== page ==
PP250 Valet Chair
for PP Mobler
Hans J. Wegner made the Danish King Frederik IX wait two full years while he perfected the PP250 Valet Chair — and the King must have thought it was worth the wait, as he promptly ordered ten. Wegner’s three-legged beauty offers a hinged seat upon which pants can be folded and hung, and a back which serves as a hanger. Best of all, a box under the seat can hold secret keys, wallets, and other royal accessories. The result is an exceptional marriage of Wegner’s restraint and deep respect for materials, and PP Møbler’s unparalleled craftsmanship.
PP Møbler Collection
Hans J. Wegner
If Danish modernism is best known and beloved for the use of traditional techniques to emphasize materiality—graceful curves honoring the grain of fine walnut, for example—that’s thanks in large part to Hans J. Wegner. Born in southern Denmark, at 14 Wegner began an apprenticeship with Danish master cabinetmaker H. F. Stahlberg, where he honed a preternatural talent and learned skills he’d bring to bear throughout a career lasting some eighty years and full of design masterpieces.
While studying at the School of Arts and Crafts in Copenhagen, Wegner worked for Arne Jacobsen and Erik Møller on a range of furniture for the Aarhus City Hall. Four years after graduation, he had showcased a chair at the Copenhagen Museum of Art and Industry, and opened his own firm. Sculptural, surprisingly comfortable seating became Wegner’s trademark: for Fritz Hansen, the floating Chinese chairs; for Carl Hansen & Sons, he designed the instant classic Wishbone, Shell, and Elbow chairs; for PP Møbler, the cozy Papa Bear, iconic Round, and buoyant Circle chairs; and countless others, most still in production.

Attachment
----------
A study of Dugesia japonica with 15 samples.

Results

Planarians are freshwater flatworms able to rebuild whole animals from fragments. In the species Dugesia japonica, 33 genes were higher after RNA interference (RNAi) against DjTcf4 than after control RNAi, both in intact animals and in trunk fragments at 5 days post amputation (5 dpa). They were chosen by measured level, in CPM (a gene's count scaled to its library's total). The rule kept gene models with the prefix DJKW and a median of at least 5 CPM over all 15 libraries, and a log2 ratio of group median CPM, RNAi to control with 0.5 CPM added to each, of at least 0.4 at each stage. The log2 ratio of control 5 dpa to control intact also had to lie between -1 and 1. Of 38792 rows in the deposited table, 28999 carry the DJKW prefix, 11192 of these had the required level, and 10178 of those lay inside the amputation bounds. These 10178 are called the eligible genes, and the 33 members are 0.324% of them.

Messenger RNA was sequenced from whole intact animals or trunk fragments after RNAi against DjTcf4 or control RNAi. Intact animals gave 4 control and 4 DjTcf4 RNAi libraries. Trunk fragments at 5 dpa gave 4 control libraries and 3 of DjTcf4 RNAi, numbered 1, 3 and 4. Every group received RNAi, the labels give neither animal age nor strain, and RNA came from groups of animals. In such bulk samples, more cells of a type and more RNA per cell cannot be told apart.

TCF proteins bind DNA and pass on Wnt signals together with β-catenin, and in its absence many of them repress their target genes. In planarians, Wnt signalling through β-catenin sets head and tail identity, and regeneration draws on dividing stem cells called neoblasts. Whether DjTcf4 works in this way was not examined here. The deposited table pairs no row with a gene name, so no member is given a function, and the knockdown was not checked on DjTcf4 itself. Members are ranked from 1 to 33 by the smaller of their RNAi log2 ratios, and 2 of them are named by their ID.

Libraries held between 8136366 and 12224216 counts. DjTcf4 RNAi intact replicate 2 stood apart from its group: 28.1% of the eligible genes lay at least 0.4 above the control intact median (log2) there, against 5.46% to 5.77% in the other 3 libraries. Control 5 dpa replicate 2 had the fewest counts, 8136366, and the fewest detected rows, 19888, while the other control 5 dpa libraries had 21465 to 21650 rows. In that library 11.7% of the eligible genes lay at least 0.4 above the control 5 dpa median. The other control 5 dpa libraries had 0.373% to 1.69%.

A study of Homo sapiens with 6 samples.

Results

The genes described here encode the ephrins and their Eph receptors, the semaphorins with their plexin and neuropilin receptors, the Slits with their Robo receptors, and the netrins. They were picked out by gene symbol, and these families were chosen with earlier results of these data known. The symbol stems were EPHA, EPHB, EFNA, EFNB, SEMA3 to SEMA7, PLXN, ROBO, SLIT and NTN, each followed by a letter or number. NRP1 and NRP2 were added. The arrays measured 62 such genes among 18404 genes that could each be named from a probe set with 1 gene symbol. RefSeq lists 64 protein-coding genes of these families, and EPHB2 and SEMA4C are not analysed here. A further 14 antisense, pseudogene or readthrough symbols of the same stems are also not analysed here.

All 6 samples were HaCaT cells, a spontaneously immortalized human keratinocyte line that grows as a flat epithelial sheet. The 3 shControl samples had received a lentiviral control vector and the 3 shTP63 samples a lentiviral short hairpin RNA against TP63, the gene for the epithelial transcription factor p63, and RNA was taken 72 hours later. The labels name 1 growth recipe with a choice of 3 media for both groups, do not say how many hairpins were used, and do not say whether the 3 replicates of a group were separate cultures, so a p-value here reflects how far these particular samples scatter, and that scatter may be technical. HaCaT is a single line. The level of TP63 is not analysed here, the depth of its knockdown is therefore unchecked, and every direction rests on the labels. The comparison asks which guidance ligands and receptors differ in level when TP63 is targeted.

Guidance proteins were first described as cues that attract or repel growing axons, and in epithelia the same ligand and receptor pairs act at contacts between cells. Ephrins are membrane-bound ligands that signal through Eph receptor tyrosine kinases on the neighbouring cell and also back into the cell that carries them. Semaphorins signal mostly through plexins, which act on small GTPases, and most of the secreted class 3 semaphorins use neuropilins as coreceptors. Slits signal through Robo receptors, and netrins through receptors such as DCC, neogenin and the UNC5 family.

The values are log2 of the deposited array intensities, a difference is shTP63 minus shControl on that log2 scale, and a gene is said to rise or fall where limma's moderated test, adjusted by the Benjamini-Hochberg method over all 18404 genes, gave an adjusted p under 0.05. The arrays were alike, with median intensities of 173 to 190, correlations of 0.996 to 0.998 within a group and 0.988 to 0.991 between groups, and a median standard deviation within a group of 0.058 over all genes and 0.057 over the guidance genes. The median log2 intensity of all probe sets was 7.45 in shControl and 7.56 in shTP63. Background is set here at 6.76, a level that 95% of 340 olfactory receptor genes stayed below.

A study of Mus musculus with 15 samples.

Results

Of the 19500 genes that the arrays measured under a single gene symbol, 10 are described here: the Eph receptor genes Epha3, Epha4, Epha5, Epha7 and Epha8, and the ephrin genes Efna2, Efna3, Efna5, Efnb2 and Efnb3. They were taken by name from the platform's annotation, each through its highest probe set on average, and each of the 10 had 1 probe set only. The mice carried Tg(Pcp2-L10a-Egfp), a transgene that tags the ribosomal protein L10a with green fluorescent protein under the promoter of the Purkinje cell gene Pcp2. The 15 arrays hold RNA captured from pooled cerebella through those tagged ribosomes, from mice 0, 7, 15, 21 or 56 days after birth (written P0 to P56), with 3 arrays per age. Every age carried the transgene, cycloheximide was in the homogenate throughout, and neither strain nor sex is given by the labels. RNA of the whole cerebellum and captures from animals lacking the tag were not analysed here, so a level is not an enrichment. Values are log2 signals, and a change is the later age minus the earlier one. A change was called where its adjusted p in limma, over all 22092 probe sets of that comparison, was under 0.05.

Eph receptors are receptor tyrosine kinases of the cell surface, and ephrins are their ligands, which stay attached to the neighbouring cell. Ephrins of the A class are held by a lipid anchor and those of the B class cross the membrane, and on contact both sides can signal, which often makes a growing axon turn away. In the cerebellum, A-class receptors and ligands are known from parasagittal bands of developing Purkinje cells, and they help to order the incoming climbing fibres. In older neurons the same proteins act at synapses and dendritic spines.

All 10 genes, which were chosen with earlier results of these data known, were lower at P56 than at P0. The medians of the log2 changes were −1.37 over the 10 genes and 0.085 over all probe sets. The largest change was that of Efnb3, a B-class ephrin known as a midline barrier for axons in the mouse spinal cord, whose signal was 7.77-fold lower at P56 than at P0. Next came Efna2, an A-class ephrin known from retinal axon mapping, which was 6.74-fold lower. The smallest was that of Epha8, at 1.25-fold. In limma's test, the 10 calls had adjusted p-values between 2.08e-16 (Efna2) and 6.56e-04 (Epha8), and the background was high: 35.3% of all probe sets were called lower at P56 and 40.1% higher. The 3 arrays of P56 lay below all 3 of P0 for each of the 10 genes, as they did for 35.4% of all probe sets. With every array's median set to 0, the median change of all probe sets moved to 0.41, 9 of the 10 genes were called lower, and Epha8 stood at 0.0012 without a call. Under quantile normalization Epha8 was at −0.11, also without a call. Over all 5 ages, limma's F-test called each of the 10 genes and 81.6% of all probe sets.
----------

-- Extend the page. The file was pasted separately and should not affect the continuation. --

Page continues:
Wegner retired in 1993 and died fourteen years later, but his work lives on in its ubiquity across residential, hospitality, and corporate design—not to mention the Museum Sønderjylland’s permanent exhibition of the three dozen chairs he felt were his very best in a water tour in his hometown of Tønder.